A luminous program lit up the inside of Carnegie Hall this week while a cold and driving rain pounded 57th Street. The London Philharmonic might not have brought the U.K.-style weather with them, but they did provide a musical antidote.
The program's time frame ranged from 1775 to 1971, starting with the modernist towards Osiris by Matthew Pintscher. The most striking feature of the stage setup for this highly textural opener was the presence of four fully equipped percussionists. That seemed to promise a slamming good time, and they did show off a spectacular minute of passagework that might have been subtitled Dueling Xylophones.
On the whole the work was more interesting than beautiful, more of a sonic landscape than a songful tone poem. I'll listen to anything as pure music (I can even get into Glenn Gould's notion of spoken conversation being a fugue), but as we moved through Pintscher's atmospheric mood piece I expected to see a movie. It was perfect soundtrack music that struggled to stand on its own, at least with the Carnegie audience. The orchestra players were probably happy to dig into something non-standard, and the composer, who took a bow onstage at the end, was beaming. Out in the seats, polite applause wafted upward as the crowd settled in for something more comprehensible.
Nothing is more easily understood than Mozart, and the fifth violin concerto (the "Turkish") was a mildly articulated tutorial in 18th-century musical manners. Young Dutch violinist Janine Jansen, one of a breed of young glamour stars in Hilary Hahn's generation, was the much anticipated soloist. With a sound like finely threaded silk, her Mozart was lissome and endearing. Jansen and the reduced orchestra (19 players) showed their gut, in both spirit and bow, during the "Turkish" section of the Rondo. During that earthy jaunt they dug hard into the saucy minor key melodies, both lifting and grounding the piece satisfyingly.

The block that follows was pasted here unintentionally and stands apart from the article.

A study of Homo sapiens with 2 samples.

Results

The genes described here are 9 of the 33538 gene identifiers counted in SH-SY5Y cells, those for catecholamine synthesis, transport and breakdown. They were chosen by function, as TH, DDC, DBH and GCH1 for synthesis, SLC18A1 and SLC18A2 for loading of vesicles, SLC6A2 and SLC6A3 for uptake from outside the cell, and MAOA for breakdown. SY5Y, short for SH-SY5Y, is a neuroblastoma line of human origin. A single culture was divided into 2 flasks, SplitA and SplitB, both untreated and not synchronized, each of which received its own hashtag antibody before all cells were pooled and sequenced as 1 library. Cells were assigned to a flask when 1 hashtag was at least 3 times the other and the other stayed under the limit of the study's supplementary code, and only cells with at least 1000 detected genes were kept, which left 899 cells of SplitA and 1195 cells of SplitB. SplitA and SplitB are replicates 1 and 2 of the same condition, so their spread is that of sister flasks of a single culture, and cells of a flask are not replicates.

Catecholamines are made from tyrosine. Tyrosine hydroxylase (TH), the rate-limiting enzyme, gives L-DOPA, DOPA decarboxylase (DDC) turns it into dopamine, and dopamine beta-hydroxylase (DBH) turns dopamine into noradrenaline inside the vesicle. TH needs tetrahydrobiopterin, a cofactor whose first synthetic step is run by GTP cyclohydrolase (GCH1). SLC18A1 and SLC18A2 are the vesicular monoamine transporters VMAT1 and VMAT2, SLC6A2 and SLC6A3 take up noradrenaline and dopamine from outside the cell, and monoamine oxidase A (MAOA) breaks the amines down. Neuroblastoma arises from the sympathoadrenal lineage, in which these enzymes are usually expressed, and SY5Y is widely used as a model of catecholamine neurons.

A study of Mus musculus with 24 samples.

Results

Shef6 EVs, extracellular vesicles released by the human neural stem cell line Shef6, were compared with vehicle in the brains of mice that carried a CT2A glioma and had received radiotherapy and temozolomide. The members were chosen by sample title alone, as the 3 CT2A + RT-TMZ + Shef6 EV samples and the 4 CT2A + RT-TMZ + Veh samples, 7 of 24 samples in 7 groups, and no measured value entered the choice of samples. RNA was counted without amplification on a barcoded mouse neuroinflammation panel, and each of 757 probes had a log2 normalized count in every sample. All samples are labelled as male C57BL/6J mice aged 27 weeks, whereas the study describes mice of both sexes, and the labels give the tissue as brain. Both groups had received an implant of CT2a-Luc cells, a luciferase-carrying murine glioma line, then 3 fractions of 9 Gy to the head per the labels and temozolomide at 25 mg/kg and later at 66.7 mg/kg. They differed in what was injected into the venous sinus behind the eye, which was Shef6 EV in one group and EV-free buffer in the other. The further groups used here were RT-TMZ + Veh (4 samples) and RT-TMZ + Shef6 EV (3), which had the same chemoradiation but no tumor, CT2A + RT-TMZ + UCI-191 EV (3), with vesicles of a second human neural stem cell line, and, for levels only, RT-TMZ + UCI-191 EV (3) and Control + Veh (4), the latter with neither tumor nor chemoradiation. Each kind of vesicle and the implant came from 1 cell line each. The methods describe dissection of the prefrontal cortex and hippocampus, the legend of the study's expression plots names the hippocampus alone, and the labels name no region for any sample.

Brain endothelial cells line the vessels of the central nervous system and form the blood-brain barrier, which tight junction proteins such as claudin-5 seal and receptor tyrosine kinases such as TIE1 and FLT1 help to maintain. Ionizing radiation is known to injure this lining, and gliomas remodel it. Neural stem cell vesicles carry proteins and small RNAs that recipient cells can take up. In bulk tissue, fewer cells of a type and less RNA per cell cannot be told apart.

(Janine Jansen's growing discography is anchored by a chamber reading of Vivaldi's Four Seasons. In a studio production her refined sound fills the spotlight more certainly, perhaps, than in a vast hall like Carnegie. Recommended for its energy and precision.)
Conductor Vladimir Jurowski is a bit older than Jansen, but still a sub-40 youngster, and has been leading the LPO for eight years. He carves a clean beat when he needs to (as in the rhythmically ambiguous Pintscher piece), but is no less comfortable supervising his well prepared orchestra with minimal dramatics. The Brahms Fourth Symphony is a repertoire warhorse that experienced orchestra players can rattle off while downloading Adele to their iPods. Jurowski conducted from the score, and instantly impressed a personal spin on the sighing phrase that opens the work, elongating it mournfully.
The Brahms 4th is famously monolithic, tragic in demeanor, railing heroically and lacking a Beethovian-like redemption. It is darker and more dramatic than the 2nd Symphony, which I heard a few weeks ago in Avery Fisher Hall when the Vienna Philharmonic visited. It might be unfair to compare the London Philharmonic to the Viennese, as the VPO is likely to appear on anyone's short list of greatest orchestras. And while the Londoners cannot match the sheen and unearthly accuracy of Vienna, Jurowski managed his resources, and the symphony's pacing, masterfully and to tremendous effect. Special notice should go to Jamie Martin, principal flutist, for his yearning, lyrical solo in the fourth movement.
The audience ate it up in big gulping spoonfuls, standing and creating a commotion for several extended bows. They shamed the jump-starters who streamed up the aisles, only to face the punishing early winter rain all the sooner.
UPDATE: See Anthony Tommasini's review in the NYTimes. He had a less favorable impression of the Brahms.